Harinder Mishra in Jerusalem | December 02, 2008 18:39 IST

comments could cause considerable damage to bilateral ties.
"They are causing all kinds of problems," a senior Foreign Ministry official said about the six-member team of the Zaka voluntary group that flew on Thursday on its own volition to Mumbai for a rescue operation after the deadly terror strikes.
"They are selling all kinds of stories to journalists looking for stories, and taking credit for things they didn't do," the official told The Jerusalem Post.
The head of the Zaka team, Haim Weingarten, had in a telephonic interview to the Post alleged yesterday that one or
more hostages at Nariman House may have been killed by the elite National Security Guard commandos.

                                Israeli hostages fell to commandos' bullets?

"Based on what I saw, (although) I can't identify the type of bullets in the bodies (of the victims), I don't think the
terrorists killed all the hostages, to put it gently," he had said.
An official at the Ministry said these are "irresponsible comments" that can have serious repercussions. He said their
"meddling" can cause considerable damage toIndo-Israel ties.
"How can they say such a thing? Did they do an autopsy, do they know what type of bullet caused the wound? Do they have forensic or ballistic expertise? This is not the type of thing you can determine just by looking at a body," he asked.

Asked by the daily if he thought thatIndians were unable to take external criticism of their actions, the official said
that they can take the "criticism in private, but not the way it was publicly being voiced in Israel".
"This type of public criticism is an embarrassment for them," he said.
Israel has been trying to soften criticisms by anti-terror experts in the media of the Indian handling of the hostage
crisis in Mumbai during which six Jewish people were killed.
Foreign Ministry spokesman Yossi Levy told PTI that the Indian commandos did the "utmost possible" and cooperation at the highest level existed between the two sides.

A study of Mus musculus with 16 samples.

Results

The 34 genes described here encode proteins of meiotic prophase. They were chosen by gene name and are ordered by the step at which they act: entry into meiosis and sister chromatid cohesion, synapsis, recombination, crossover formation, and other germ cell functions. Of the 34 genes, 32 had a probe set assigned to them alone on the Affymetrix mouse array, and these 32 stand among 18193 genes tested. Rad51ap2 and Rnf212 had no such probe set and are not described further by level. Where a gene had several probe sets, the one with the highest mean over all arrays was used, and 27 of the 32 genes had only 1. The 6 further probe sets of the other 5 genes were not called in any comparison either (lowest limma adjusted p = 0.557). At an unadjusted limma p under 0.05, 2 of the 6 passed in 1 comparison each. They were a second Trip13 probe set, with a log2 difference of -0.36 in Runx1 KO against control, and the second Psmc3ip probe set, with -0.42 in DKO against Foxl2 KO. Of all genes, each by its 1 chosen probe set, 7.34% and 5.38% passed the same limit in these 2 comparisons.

Prime Minister Ehud Olmert called upon his Indian counterpart Manmohan Singh [Images] and appreciated the "bold and daring" response of the Indian army [Images] in dealing with siege.
A Foreign Ministry official also denied that Zaka members were working with official Israeli representatives on the
ground. "It is not exactly clear what they are doing there."
He said Indian authorities removed the bodies from the home, and there was no need for Zaka to do what it often is
called upon to do after terrorist attacks in Israel--to collect body parts.
Zaka spokesman Motti Bukjin said the group had no intention of leveling criticism at the Indian government.
Bukjin said Zaka volunteers worked round-the-clock in Mumbai helping identify the bodies, deal with damaged Torah
scrolls in the Chabad House and remove some of the six bodies.
Once these bodies were removed, Zaka volunteers remained there round-the-clock so they were not mixed up with other bodies, and together with Foreign Ministry officialsworked to ensure that no autopsies were performed on them, he said.
Bukjin told the daily that his organisationwould sit down with Foreign Ministry officials at a later date to "draw
conclusions" from the events in Mumbai.